SNL Leslie Jones

Last year, Saturday Night Live was called out for its lack of diversity. After poking fun at itself for not having any Black female cast mates, Lorne Michaels’ crew embarked on a series of “secret” auditions to find a Black comedienne to add to its ranks.

Back in January, SNL announced that it was not only adding Sasheer Zamata to the cast, but also bringing two Black female writers, Leslie Jones and LaKendra Tookes, on board.

Saturday night, Jones stepped in front of the camera for a controversial skit on SNL’s Weekend Update.

In the three-minute routine, Jones posed as an overly aggressive “image expert” brought on to discuss Lupita Nyong’o topping People magazine’s “Most Beautiful People” list. While I’m not sure how the clip could have played out, the predictable turn toward slavery (because Nyong’o’s most noticeable role to-date is from 12 Years A Slave) led to disastrous and downright offensive results.

During the sketch, Jones said though she loved that Lupita was honored by People magazine, she wished the glossy would compile a list of “the most useful people” instead of the most beautiful.

Jones explained her reasoning to her “delectable Caucasian” co-host, Colin Jost.

“Let me ask you a question: If you walked in a club and see me and Lupita standing at the bar, who would you pick? Yeah, I know, you’d pick Lupita,” she said. “But let me ask you this: If you was in the parking lot and three crips is bout to whoop yo’ ass, who you gon pick then?”

The skit goes downhill from there.

Jones continued: “The way we view Black beauty has changed. Look at me. I’m single right now. But back in the slave days, I would have never been single.”

*record scratch*


Unfortunately, it got worse.

“I’m six-feet tall and I’m strong, Colin. STRONG!” Jones yelled. “I mean look at me, I’m a Mandingo!”

Although Jones assured her co-host she would not want to be enslaved today, the comedienne explained she’d have more romantic options during slavery because she would’ve been paired with other Mandingos.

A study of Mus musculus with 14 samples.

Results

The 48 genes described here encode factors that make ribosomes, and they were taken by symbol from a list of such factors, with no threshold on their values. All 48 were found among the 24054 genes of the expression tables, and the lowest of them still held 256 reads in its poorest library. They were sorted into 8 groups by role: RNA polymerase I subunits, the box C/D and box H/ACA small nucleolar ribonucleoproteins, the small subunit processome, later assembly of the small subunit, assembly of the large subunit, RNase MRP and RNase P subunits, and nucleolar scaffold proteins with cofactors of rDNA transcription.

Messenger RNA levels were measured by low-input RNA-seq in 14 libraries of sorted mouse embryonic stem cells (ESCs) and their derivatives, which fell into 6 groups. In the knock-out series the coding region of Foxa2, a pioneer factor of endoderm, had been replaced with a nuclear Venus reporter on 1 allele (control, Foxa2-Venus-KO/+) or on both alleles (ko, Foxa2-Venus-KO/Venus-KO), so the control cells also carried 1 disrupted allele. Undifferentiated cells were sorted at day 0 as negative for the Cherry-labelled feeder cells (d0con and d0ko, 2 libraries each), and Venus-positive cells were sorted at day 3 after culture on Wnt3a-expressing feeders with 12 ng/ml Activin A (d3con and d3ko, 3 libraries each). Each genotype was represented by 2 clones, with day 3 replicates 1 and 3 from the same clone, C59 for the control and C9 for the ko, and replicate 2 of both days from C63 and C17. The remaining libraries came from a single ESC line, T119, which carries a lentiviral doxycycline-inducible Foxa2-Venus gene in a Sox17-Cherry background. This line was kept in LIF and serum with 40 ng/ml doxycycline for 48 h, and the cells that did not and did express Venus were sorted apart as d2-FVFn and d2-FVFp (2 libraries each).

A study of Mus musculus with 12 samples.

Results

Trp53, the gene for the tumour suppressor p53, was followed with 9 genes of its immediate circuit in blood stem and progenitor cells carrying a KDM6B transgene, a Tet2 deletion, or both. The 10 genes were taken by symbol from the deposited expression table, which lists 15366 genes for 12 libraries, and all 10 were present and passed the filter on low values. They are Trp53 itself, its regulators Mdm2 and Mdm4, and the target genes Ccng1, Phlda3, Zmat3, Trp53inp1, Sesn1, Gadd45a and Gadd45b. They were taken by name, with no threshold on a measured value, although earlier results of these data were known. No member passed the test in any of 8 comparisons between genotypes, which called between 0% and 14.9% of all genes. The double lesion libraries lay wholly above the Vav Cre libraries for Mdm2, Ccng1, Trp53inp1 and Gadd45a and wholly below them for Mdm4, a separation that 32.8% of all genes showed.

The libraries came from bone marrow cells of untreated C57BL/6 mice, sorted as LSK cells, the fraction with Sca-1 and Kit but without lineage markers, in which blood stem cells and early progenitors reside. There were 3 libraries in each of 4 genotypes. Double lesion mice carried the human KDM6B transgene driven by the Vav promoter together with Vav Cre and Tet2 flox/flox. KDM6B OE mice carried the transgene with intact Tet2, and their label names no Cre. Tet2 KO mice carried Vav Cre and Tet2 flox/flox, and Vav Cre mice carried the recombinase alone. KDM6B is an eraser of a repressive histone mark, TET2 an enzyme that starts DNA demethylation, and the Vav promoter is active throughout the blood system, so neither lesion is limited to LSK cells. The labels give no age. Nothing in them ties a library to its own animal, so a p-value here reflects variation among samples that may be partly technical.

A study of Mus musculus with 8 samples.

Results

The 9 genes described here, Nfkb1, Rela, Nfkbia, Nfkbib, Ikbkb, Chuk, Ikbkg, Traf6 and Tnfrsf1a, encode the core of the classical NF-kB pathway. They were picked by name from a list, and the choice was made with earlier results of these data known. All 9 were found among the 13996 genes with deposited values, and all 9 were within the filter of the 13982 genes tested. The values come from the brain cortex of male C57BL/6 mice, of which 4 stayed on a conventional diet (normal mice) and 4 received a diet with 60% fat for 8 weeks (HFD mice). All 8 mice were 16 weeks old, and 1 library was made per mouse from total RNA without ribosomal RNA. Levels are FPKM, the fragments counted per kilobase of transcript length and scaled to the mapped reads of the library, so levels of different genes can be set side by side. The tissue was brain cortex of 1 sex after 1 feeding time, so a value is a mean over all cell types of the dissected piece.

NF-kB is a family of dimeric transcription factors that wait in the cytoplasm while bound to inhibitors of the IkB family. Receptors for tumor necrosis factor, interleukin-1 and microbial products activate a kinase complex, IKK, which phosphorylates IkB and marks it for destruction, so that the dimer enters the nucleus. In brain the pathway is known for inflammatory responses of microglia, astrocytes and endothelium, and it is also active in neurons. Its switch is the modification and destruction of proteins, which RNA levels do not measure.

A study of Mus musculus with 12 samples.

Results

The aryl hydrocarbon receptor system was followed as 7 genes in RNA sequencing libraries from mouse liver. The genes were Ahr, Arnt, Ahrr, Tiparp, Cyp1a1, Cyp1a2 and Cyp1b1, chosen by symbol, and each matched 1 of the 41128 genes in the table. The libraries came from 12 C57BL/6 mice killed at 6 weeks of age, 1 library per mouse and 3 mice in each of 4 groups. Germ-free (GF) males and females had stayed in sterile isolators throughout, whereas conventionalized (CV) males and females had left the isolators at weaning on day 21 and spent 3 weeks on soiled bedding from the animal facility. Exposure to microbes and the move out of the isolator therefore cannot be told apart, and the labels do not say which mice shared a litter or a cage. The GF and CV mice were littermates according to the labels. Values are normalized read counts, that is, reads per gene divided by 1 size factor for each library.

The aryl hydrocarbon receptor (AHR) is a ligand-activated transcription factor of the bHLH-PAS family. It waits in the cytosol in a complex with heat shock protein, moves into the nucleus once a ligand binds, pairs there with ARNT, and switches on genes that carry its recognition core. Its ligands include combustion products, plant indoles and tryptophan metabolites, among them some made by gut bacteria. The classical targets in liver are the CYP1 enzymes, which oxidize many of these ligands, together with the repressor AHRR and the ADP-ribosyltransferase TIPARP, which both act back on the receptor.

“Massa woulda hooked me up with the best brother on the plantation,” Jones quipped, “and every nine months I’d be in the corner having a super baby.”

Jones concludes: “I’d be the number one slave draft pick. All of the plantations would want me!”

While there may be a way to make slavery humorous (although I have yet to see one), Jones and SNL completely missed the mark. Like Russell Simmons’ YouTube channel’s disgraceful “Harriet Tubman Sex Tape,” Jones’ skit not only made light of slavery, but also joked about the horrific rapes Black women endured during enslavement.

Though Jones claimed she’d never be single as a slave, she could also never legally marry; never decide how to raise, or even keep, her children; never refuse to be raped without incurring the ire of her master; never dictate her own future; and she could never control her body because she would have been seen as nothing more than a mule.

Between Jones’ disgusting skit, “28 Reasons to Hug A Black Guy,” and “Black Jeopardy,” I’m wondering when SNL and its writers will realize that Black comics can be funny without talking about race or capitulating to the stereotypes.